Review: The Orchid Throne – Jeffe Kennedy

Review: The Orchid Throne – Jeffe KennedyThe Orchid Throne
by Jeffe Kennedy
Series: Forgotten Empires #1
Publisher: St. Martin's Press
Publication Date: September 24, 2019
Genres: Romance, Fantasy
Pages: 362
Source: Library

My rating: One StarOne StarOne StarOne Star

Welcome to the world of Forgotten Empires from award winning author Jeffe Kennedy that begins with The Orchid Throne.

As Queen of the island kingdom of Calanthe, Euthalia will do anything to keep her people free—and her secrets safe—from the mad tyrant who rules the mainland. Guided by a magic ring of her father’s, Lia plays the political game with the cronies the emperor sends to her island. In her heart, she knows that it’s up to her to save herself from her fate as the emperor’s bride. But in her dreams, she sees a man, one with the power to build a better world—a man whose spirit is as strong, and whose passion is as fierce as her own…

Conrí, former Crown Prince of Oriel, has built an army to overthrow the emperor. But he needs the fabled Abiding Ring to succeed. The ring that Euthalia holds so dear to her heart. When the two banished rulers meet face to face, neither can deny the flames of rebellion that flicker in their eyes—nor the fires of desire that draw them together. But in this broken world of shattered kingdoms, can they ever really trust each other? Can their fiery alliance defeat the shadows of evil that threaten to engulf their hearts and souls?


Calanthe is a tropical pleasure island, and the betrothal of its Queen Euthalia to Emperor Anure is the only thing keeping it from being razed like the rest of his conquered territories – though they are forced to tithe increasingly large amounts to the emperor. Euthalia is playing a dangerous game, constantly manipulating her court and the emperor’s ambassador so that it appears that she intends to go through with the betrothal even while she’s secretly looking for ways to work against the emperor. One way she doesn’t want to consider, though? Working with Con, the so-called Slave King, who’s leading an armed revolt of escaped mine slaves and supposedly cutting a violent path through the conquered lands. But a prophecy – claim the hand that wears the Abiding Ring, and the empire will fall – sets them on a collision course. Can they find common ground, or will the emperor use their differences to conquer the rebellion and Calanthe in one fell swoop?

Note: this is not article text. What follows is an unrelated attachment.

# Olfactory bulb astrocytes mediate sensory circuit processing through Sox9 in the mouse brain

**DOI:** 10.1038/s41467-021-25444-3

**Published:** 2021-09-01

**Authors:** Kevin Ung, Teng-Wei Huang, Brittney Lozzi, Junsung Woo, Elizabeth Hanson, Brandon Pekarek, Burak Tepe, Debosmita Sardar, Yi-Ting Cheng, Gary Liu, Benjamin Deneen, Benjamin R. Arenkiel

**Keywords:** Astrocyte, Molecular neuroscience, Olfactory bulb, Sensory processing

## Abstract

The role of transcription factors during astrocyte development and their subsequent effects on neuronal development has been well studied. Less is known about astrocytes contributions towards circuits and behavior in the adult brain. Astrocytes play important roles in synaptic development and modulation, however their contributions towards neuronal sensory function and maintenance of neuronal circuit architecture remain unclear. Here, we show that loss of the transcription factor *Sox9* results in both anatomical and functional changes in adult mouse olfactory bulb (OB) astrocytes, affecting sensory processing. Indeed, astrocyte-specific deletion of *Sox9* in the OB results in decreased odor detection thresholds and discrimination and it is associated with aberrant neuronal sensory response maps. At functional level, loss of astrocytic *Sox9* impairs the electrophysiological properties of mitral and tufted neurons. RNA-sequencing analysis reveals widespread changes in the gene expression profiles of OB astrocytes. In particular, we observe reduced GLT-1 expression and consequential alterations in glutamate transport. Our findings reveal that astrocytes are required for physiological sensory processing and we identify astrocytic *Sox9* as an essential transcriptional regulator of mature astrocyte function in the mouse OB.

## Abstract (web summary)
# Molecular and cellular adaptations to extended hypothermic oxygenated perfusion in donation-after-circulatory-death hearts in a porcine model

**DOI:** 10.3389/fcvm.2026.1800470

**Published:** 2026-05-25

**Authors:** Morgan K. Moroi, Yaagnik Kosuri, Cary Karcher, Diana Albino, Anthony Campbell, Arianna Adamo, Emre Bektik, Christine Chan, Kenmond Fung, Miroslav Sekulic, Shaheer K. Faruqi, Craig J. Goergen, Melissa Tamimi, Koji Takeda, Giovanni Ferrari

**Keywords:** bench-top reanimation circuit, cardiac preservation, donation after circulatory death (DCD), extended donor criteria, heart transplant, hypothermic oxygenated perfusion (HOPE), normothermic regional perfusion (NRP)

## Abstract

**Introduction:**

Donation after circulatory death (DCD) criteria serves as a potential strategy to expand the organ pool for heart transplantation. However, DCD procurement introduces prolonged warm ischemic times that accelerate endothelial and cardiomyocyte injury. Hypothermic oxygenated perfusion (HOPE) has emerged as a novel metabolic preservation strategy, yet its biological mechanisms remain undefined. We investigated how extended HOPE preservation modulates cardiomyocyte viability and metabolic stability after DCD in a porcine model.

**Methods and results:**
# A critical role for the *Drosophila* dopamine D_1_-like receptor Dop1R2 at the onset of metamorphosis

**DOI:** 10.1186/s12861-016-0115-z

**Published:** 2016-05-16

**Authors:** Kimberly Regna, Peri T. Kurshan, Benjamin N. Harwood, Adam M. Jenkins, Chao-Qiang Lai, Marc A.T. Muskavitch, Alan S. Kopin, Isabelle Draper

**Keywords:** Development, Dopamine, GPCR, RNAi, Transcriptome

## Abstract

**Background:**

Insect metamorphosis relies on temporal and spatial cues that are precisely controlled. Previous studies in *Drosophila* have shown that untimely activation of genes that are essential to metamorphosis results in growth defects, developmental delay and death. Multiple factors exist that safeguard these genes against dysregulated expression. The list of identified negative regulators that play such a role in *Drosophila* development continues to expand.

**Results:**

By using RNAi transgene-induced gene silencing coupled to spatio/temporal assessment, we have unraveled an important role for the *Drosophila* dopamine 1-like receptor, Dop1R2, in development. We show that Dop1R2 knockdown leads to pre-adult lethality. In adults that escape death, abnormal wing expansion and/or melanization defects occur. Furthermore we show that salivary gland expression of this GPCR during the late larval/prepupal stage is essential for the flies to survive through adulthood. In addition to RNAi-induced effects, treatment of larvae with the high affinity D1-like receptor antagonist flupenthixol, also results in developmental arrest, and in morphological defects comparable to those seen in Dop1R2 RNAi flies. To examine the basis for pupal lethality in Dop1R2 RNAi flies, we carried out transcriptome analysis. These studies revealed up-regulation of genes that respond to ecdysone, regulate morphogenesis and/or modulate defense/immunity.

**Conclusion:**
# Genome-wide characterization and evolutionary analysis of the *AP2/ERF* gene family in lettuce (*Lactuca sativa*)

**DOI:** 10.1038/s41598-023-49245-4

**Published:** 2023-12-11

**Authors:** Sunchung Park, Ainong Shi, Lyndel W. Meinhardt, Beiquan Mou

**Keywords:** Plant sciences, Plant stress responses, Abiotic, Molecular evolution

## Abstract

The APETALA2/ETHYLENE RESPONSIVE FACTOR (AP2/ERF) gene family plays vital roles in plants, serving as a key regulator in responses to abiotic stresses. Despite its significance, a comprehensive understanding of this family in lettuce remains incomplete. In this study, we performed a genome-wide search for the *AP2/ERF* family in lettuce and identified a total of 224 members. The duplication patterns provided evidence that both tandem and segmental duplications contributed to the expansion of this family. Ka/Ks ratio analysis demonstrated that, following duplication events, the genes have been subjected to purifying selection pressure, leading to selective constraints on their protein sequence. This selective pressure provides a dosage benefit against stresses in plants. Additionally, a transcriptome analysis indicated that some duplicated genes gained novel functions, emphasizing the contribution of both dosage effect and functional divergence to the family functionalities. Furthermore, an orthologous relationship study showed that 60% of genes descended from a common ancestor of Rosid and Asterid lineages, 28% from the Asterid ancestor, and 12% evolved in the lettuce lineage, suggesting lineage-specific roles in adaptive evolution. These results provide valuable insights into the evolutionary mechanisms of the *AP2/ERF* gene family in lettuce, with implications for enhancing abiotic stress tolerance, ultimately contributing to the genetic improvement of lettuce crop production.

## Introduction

The pacing is very slow, and in terms of your traditional fantasy plot, not much happens. Most of the focus is on setting up the relationship between Con and Lia, though it takes a decent portion of the book before they even meet. It’s told from both Con and Lia’s POVs, and it’s interesting to see what misconceptions they both have about the other. I personally enjoyed Lia’s sections more – I thought her subtle manipulations were more enjoyable than Con’s “Imma smash it with my hammer” style.

Con is blunt, with little time for anything that doesn’t get him closer to his goal of revenge against Anure. Lia, on the other hand, is more of a magician, both literally and figuratively. Like the kings and queens of old, she’s connected to the land magically, plus she knows the value of a good distraction. Her fanciful and elaborate outfits (I got serious Queen Amidala vibes) and deliberate shows of emptiheadedness are the only thing keeping Calanthe from becoming another of Anure’s conquests. Con initially can’t look past that Calanthe surrendered to the emperor, and views Euthalia as nothing more than a pretty, thoughtless doll – a view that doesn’t survive his first meeting with her, thankfully. Euthalia, for her part, is concerned with protecting Calanthe above all else, and that’s best done by capturing Con as the emperor ordered. She expects nothing more than a barbaric brute, and, well, he definitely lives up to that!

“Don’t throttle the wizard, Conrí. Please.”

This is a marriage of convenience, and for political reasons it has to be consummated pretty much immediately. I enjoyed that while Lia was technically a virgin, it’s Con who had zero experience in bed, though he’s a quick learner. Their chemistry is excellent and I can see the beginnings of a solid relationship. The side characters, from Con’s right-hand woman Sondra to Lia’s oldest friend Tertulyn, were very interesting, though my favorite is the wizard Ambrose, who’s hilariously reticent about how, exactly, this prophecy will help Con.

Overall, despite the slow pace, I enjoyed the lush storytelling and slow burn romance, and I’m very excited for the next book!